The U.K. Guardian is well know for having a distinctly statist editorial slant, and very much believes that the only problem with government is that there isn’t enough of it.
Controlling people—doing what is “best” for them, whether the people want it or not—is their default answer for every problem, and is part of the reason that the United Kingdom is rapidly devolving into a second-rate nation.
Independence is something that such Orwellian statists deeply resent, and so it is hardly surprising that they were more than happy to tout anti-gun performance art.
It is the feeling of safety, and maybe a little bit the feeling of power. That is what a lot of Americans say they get from gun-owning, which is ironic because if they looked at the statistics they ought to get a feeling of fear. Protecting your family is a fine notion, but a lot of the time it is in fact the family of gun-owners who get shot.
To remind people of this – and to make sure the message doesn’t become bogged down in subtlety – the designer Anthony Burrill, the art director Ewoudt Boonstra and the copywriter Zack McDonald have created Innocent Targets, a new series for gun ranges. But in place of the hoodlums and terrorists that everybody loves blowing apart, the team have used pictures of ordinary people. “Abused women are five times more likely to be killed if their partners own a gun,” the small print beside one target states, its bullseye hovering over the forehead of a young woman baking.
“Ewoudt had the original idea,” Burrill says. “He was just shocked by the level of gun violence, and the way that guns are part of American culture.” Needless to say, the team do not expect many sales to actual gun ranges, so the designs were launched last week as posters, priced at £25 each plus postage, with proceeds going to the Coalition to Stop Gun Violence. “We’re just hoping they’ll go out into the world,” says Burrill, who is best known as the creator of the Work Hard & Be Nice to People posters. “We hope people will buy them and they’ll go on their walls not just as an art work, but maybe something that can provoke more of a discussion.”
Here are two of these so-called “Innocent Targets” created by these emasculated souls to protest civilian gun ownership in the United States.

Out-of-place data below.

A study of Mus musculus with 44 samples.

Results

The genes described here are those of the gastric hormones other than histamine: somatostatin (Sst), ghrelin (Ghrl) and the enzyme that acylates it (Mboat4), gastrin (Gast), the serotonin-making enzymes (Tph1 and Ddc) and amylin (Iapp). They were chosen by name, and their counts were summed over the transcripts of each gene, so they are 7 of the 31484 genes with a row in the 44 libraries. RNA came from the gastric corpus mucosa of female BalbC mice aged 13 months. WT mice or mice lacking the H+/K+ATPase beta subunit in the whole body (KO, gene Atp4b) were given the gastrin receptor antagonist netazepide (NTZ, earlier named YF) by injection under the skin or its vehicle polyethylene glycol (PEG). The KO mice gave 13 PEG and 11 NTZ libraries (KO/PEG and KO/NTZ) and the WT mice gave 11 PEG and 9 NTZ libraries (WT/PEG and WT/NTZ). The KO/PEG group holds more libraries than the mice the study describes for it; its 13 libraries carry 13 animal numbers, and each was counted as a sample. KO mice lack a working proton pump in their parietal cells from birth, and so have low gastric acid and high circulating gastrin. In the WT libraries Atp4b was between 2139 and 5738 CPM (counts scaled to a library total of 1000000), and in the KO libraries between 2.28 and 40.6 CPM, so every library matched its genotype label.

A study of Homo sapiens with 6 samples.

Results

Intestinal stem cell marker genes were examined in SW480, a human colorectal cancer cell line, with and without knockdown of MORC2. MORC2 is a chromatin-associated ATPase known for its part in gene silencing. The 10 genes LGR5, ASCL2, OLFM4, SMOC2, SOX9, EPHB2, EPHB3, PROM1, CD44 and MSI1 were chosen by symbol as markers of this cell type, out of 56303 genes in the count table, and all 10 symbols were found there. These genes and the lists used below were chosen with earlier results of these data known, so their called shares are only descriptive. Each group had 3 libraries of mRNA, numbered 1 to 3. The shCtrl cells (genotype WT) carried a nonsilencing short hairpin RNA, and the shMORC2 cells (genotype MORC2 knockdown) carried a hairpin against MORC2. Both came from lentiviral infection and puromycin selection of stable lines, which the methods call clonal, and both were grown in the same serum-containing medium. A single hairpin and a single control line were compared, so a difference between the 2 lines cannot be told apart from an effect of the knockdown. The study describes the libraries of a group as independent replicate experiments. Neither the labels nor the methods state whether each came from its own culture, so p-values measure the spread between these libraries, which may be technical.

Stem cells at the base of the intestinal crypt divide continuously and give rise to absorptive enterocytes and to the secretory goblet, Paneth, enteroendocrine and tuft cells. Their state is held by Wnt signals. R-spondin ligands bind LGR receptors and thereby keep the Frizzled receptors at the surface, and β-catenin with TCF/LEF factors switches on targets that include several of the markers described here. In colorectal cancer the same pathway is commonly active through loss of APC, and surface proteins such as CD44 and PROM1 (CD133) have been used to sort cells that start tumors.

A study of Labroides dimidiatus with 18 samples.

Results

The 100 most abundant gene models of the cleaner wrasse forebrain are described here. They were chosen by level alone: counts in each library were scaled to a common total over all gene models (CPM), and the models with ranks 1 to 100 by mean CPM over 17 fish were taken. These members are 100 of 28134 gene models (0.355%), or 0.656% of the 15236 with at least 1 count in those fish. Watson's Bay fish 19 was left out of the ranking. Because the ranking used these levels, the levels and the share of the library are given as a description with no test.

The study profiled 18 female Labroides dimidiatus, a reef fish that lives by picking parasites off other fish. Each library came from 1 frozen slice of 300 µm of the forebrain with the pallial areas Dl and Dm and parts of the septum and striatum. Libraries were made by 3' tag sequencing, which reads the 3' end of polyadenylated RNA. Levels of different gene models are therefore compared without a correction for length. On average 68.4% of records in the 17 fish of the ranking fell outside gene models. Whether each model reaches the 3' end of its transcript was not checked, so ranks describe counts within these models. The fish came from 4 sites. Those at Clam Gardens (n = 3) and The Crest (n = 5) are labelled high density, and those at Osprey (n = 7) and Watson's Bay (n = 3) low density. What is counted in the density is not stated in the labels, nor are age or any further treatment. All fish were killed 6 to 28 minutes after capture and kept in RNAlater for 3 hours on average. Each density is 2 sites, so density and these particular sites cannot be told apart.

The first (above) is a young woman ostensibly getting married. The second (below) is a woman baking. We can only assume that the Guardian’s radical feminists have been muzzled in this instance “for the greater good.”
It is indeed a horrible thing when innocent people are targeted, which is why we find it odd that the Guardian failed to mention that the U.S. Department of Homeland Security spent up to $2 million buying nearly identical targets to desensitize agents to the prospect of shooting pregnant women, young mothers, and the elderly.
Minnesota-based Law Enforcement Targets, Inc (LET) has been awarded $5.5 million in contracts with the federal government, including $2 million with the Department of Homeland Security.
In light of this fact, it’s no wonder that the American people were outraged last week when it was uncovered that the firm had released a series of gun practice targets featuring a pregnant woman, a child, a young mother and grandparents.
This No More Hesitation series includes seven total targets, each subject armed: Pregnant Woman, seen in front of the backdrop of a nursery, Older Man 1, stands in his home, in front of a bookshelf and Older Man 2, Older Woman, is depicted in a bathrobe in her kitchen. The Young Mother, seen on a playground, is holding a toddler’s hand in one hand, gun in the other.
Then there is Young Girl standing in a driveway with a sack purse slung over her shoulder, and Little Brother, a very little person indeed, is depicted in a backyard with a privacy fence behind him. “Older man” stands in his home, in front of a bookshelf.
LET said that the targets were requested by law enforcement agencies and designed in order to “train police officers for unusually complex situations.”
Apparently, shooting innocent people is just fine if a government agency is the assailant pulling the trigger.
Anyone with working grey matter would be far more outraged that a massive government entity spent millions procuring targets for the specific purpose of training federal officers to shoot pregnant women in their home nurseries, young mothers in front of backyard swing sets, children, and the elderly in their own homes.
But don’t expect the Guardian to express any outrage over concerns that a domestic security apparatus has spent millions on weapons and ammunition, and millions more training to use those weapons against average citizens, with just the fig leaf of an incongruous gun thrust unceremoniously into targets that are otherwise frames of normal daily life.
Statists don’t mind breaking a few eggs, or 262 million of them.